The medicinal herb rhodiola, also known as golden root, originates in the high-altitude regions of Northern Europe and Asia. Herbalists commonly regard rhodiola as an adaptogen. Herbs in this class, which may include ginseng, ashwagandha and eleuthero, enable the body to adapt to stress with fewer changes in appetite, sleep, mood or sexual health. Although rhodiola is generally regarded as safe, it may cause side effects in some individuals. Consult your health care provider before using rhodiola, especially if you have a medical condition.
A 2008 pilot study at the University of California suggested that rhodiola can ease the symptoms of anxiety in people suffering from generalized anxiety disorder, or GAD. Although the results of the study are encouraging, naturopathic physician Ray Sahelian warns against rhodiola's use as a first-line treatment for anxiety disorders. Dr. Sahelian states that rhodiola can have stimulant-like effects and may worsen the symptoms of anxiety for some individuals. Use rhodiola with caution if you are prone to "jitters" from stimulants such as caffeine and ephedrine.
Participants in the University of California study reported dry mouth as the primary side effect associated with rhodiola supplements. This symptom, clinically known as xerostomia, is ultimately harmless. However, it can be very uncomfortable and may impede a rhodiola user's quality of life. The Mayo Clinic recommends using humidifiers, chewing gum and alcohol-free mouthwash to ease dry mouth. Tell your health care provider if this side effect persists.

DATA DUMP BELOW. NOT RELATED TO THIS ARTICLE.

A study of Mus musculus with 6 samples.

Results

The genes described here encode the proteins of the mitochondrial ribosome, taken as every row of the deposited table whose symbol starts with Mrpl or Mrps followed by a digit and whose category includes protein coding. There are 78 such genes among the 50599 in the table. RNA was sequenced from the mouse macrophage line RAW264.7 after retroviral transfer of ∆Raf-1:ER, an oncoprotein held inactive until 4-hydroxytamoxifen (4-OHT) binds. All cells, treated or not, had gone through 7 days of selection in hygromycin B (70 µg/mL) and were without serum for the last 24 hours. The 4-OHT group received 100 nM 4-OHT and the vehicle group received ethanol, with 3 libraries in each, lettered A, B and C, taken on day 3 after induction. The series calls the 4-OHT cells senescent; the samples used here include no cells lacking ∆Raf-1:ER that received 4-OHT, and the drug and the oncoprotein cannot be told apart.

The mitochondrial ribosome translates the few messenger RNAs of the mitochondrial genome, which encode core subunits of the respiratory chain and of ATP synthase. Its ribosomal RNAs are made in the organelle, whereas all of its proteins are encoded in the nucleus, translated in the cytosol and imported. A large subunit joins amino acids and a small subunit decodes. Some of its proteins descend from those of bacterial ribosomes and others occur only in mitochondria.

The authors of the 2008 University of California study listed dizziness as a common side effect associated with rhodiola. This side effect is usually mild and may relate to the stimulant effects of the herb. Consult a health care provider promptly if you experience dizziness accompanied by nausea, chest pain or mental dysfunction.
High doses of rhodiola can trigger episodes of restlessness and insomnia, according to Dr. Sahelian. To avoid this side effect, take rhodiola only in the morning or early afternoon, when it is least likely to interfere with your sleep cycle. This side effect may be more significant for people who use other stimulants, including caffeine and nicotine.
Dr. Sahelian acknowledges rhodiola's potential as a treatment option for cardiovascular conditions, but he does not recommend it because no studies have confirmed its safety and efficacy. Sahelian reports that very high doses of rhodiola may trigger heart palpitations. Use rhodiola with extreme caution, and only under the supervision of a health care provider, if you have a cardiovascular condition or a history of tachycardia.